It would be foolish to embark upon a policy direction that further ratchets up costs and commits the government to spending premised on a shaky belief that profits and taxes from mining will remain exceptionally high forever.
GAVIN KEETON. Business Day. 25 June 2012.
A CENTRAL theme of discussions at this week’s African National Congress (ANC) policy conference will be state’s role in the economy. Mining will enjoy particular attention when the report, State Intervention in the Minerals Sector ( SIMS ) is discussed.
The SIMS report rejects the nationalisation of mining in SA as unaffordable — a conclusion that continues to be disputed by elements in the tripartite alliance. It proposes instead a system of state ownership and widespread intervention and regulation. If accepted, these recommendations will have profound implications for the profitability of existing mining companies.
Central to the report’s recommendations is its belief that mineral resources are the only real competitive advantage SA has. It believes development of these resources must underpin future economic growth. Specifically, private or state-controlled mining companies should be forced to sell locally and to do so at, or below, international prices to encourage local value addition to minerals.
The report recommends that a special r esource r ent t ax should be imposed on mining profits above a certain level. The proceeds of this new tax should be ring-fenced. Two-thirds of the proceeds should be used for an extensive system of minerals regulation and development. A third should be used to establish sovereign wealth and fiscal stabilisation funds. These will shield SA from periods of exchange rate overvaluation when commodity prices are high and fund fiscal shortfalls when commodity prices are low. It is questionable whether a resource rent tax would ever yield for SA the report’s projected R40bn in additional tax revenue. If revenues prove less than projected, the government will have to fund from existing revenues the substantial fiscal obligations that the report’s mineral value-addition agenda requires.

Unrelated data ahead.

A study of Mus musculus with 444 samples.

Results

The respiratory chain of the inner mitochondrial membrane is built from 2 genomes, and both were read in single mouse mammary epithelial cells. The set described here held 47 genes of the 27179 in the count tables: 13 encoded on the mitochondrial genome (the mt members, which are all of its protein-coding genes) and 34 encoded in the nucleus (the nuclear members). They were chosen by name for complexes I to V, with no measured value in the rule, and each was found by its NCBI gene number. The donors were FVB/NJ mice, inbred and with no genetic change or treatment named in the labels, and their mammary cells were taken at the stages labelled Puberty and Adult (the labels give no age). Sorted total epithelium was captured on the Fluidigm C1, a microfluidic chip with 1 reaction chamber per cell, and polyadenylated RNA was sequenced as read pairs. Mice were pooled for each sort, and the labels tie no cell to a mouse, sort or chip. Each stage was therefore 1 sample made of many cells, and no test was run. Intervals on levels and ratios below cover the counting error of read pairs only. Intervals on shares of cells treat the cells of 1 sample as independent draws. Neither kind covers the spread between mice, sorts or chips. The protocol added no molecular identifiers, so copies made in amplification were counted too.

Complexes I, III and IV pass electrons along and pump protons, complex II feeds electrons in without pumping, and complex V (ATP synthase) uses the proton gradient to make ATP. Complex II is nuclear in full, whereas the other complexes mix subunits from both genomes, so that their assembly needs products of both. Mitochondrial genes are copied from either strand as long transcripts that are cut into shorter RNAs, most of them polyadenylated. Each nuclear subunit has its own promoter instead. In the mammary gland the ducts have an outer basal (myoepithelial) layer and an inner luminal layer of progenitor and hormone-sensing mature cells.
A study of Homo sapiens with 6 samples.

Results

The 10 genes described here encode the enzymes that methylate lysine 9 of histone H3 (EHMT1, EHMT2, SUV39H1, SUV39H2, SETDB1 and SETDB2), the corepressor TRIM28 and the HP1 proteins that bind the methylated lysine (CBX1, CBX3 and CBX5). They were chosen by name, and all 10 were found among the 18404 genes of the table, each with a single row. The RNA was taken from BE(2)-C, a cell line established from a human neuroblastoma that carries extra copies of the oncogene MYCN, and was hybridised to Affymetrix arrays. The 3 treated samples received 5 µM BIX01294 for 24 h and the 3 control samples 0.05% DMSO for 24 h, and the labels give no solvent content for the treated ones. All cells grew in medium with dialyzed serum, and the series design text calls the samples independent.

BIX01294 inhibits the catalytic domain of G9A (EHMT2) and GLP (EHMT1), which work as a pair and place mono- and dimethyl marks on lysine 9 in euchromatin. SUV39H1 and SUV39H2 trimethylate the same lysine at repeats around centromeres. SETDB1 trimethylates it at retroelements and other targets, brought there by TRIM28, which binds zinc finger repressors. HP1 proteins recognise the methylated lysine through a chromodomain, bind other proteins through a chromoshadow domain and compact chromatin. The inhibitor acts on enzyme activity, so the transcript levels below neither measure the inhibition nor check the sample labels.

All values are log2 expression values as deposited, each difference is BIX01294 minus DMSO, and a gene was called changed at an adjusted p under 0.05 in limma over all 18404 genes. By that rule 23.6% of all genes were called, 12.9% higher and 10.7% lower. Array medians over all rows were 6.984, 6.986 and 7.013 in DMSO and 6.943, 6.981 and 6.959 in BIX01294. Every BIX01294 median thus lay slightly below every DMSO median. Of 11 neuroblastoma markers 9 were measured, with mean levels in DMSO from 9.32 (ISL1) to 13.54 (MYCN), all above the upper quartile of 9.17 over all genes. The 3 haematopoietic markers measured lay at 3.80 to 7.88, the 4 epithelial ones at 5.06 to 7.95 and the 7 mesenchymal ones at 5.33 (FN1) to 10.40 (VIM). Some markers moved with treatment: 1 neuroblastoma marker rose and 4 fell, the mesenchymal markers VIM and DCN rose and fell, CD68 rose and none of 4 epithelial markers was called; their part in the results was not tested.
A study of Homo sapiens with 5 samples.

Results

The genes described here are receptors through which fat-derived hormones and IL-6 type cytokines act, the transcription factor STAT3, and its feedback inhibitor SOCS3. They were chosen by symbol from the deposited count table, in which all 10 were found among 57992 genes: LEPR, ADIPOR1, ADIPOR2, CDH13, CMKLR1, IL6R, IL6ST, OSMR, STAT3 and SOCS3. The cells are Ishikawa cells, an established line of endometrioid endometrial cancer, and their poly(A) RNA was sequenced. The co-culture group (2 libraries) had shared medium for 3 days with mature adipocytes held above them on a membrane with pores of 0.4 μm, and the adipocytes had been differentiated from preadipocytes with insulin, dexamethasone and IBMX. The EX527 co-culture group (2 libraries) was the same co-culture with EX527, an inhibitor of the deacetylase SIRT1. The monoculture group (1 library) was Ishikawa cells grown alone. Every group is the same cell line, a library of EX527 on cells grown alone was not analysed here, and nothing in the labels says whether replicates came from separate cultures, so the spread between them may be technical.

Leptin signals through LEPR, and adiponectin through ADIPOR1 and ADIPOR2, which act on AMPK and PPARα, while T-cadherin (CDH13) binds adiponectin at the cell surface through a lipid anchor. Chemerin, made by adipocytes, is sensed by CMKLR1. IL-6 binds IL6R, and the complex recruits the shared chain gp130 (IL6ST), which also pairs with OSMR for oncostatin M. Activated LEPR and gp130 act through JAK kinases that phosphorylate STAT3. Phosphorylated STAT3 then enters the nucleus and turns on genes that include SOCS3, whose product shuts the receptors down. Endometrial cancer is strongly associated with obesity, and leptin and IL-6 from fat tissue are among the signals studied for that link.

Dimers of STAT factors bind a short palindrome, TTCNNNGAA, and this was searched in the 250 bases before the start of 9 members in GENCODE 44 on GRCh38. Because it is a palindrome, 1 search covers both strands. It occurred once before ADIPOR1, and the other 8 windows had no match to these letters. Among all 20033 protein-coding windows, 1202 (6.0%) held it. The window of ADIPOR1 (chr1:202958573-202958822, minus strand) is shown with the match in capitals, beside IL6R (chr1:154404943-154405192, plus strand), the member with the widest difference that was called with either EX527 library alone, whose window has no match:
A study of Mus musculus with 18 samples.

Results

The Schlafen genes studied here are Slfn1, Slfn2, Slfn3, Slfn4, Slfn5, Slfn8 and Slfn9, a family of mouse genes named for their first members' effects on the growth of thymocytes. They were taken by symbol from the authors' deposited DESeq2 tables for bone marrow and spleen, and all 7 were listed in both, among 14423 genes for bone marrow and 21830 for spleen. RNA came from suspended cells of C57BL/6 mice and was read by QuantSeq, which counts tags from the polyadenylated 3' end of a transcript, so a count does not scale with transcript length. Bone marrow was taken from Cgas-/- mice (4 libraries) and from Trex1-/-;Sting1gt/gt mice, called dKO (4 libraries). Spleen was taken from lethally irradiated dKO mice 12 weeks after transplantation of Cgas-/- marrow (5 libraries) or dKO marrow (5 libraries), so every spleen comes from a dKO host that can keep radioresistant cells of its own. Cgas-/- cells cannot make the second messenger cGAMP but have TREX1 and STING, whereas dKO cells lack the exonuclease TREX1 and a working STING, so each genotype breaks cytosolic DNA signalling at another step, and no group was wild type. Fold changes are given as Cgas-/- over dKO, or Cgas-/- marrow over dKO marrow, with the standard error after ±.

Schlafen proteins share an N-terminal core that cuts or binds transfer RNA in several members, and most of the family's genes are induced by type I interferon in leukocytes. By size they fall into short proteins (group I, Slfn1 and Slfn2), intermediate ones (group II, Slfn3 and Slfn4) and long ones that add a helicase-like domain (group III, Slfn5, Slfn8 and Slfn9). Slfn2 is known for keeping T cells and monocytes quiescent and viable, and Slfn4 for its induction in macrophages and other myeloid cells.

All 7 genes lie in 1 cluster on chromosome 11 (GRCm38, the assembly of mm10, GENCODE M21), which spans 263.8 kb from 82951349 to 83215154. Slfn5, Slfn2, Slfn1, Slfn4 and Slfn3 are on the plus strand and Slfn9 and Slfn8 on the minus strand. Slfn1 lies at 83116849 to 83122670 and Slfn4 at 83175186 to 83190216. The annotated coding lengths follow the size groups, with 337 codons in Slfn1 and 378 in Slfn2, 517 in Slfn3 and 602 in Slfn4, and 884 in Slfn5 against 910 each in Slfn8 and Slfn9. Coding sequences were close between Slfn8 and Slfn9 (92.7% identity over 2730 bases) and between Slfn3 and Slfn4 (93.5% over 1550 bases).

Tax and other projections made in the report are based on the belief that the boom in commodity prices from 2003-2010 will continue indefinitely. Recent developments challenge the wisdom of this assumption. While still very high by historical standards, commodity prices have been falling since the beginning of last year. Reasons for this include stagnation of the developed economies and slowing growth in China. High prices have led to inevitable substitution and reduced usage of expensive commodities. At the same time, output has risen as a result of investment in new capacity.
There is now a surplus of commodities previously in short supply. Hopes for future revival in demand growth appear increasingly shaky. As a consequence, influential commentators are questioning the sustainability of the commodity price “super-cycle” that is the key underlay of the SIMS report’s recommendations.
Ruchir Sharma, h ead of e merging m arkets at Morgan Stanley, suggests that “the era of easy growth in emerging markets and high commodity prices is ending”. Echoing this sentiment, major mining companies have revised downward their commodity price forecasts, shelved some planned projects and delayed others already under construction.
There are benefits from weaker commodity prices, a fact reflected locally in recent falls in the petrol price. Lower global oil prices have more than offset the weaker rand. The negative consequences for SA of lower prices are demonstrated by the closure of a number of platinum mines and announcements that operations at other mines are under review.
The problems confronting the platinum industry are evidence of the effects of lower global prices even on the production of a commodity of which SA is the world leader. Rising production costs have destroyed our competitive advantage, something the SIMS report ignores with its naive belief that advantage is automatically conferred by resource endowment alone. SA enjoys a competitive advantage in commodity production only if the costs of extraction are less than the price at which the commodity can be sold. If costs exceed the price, then the “advantage” is meaningless.
The rand costs of producing gold and platinum have trebled in the past decade. This is double the domestic inflation rate. Sharp hikes in electricity costs, substantially above-inflation wage settlements and safety-related shaft closures have all played a role in rapidly escalating costs. In the case of platinum, unrealistic expectations of future metals prices le d to the mining of increasingly marginal and costly ore bodies. As a result, the mining industry is now vulnerable if prices fall further.
Against this backdrop, it would be foolish to embark upon a policy direction that further ratchets up costs and commits the government to spending premised on a shaky belief that profits and taxes from mining will remain exceptionally high forever.
Instead, it is time to take stock of the current benefits derived from mining in SA and how best to grow and share these. This requires sober assessments of future prices and a comparison of SA’s production costs with those of our global competitors. Decisions can then be taken on what can be done to balance costs and prices to maximise production, job creation, exports and tax revenue over the long term.
• Keeton is with the economics department at Rhodes University.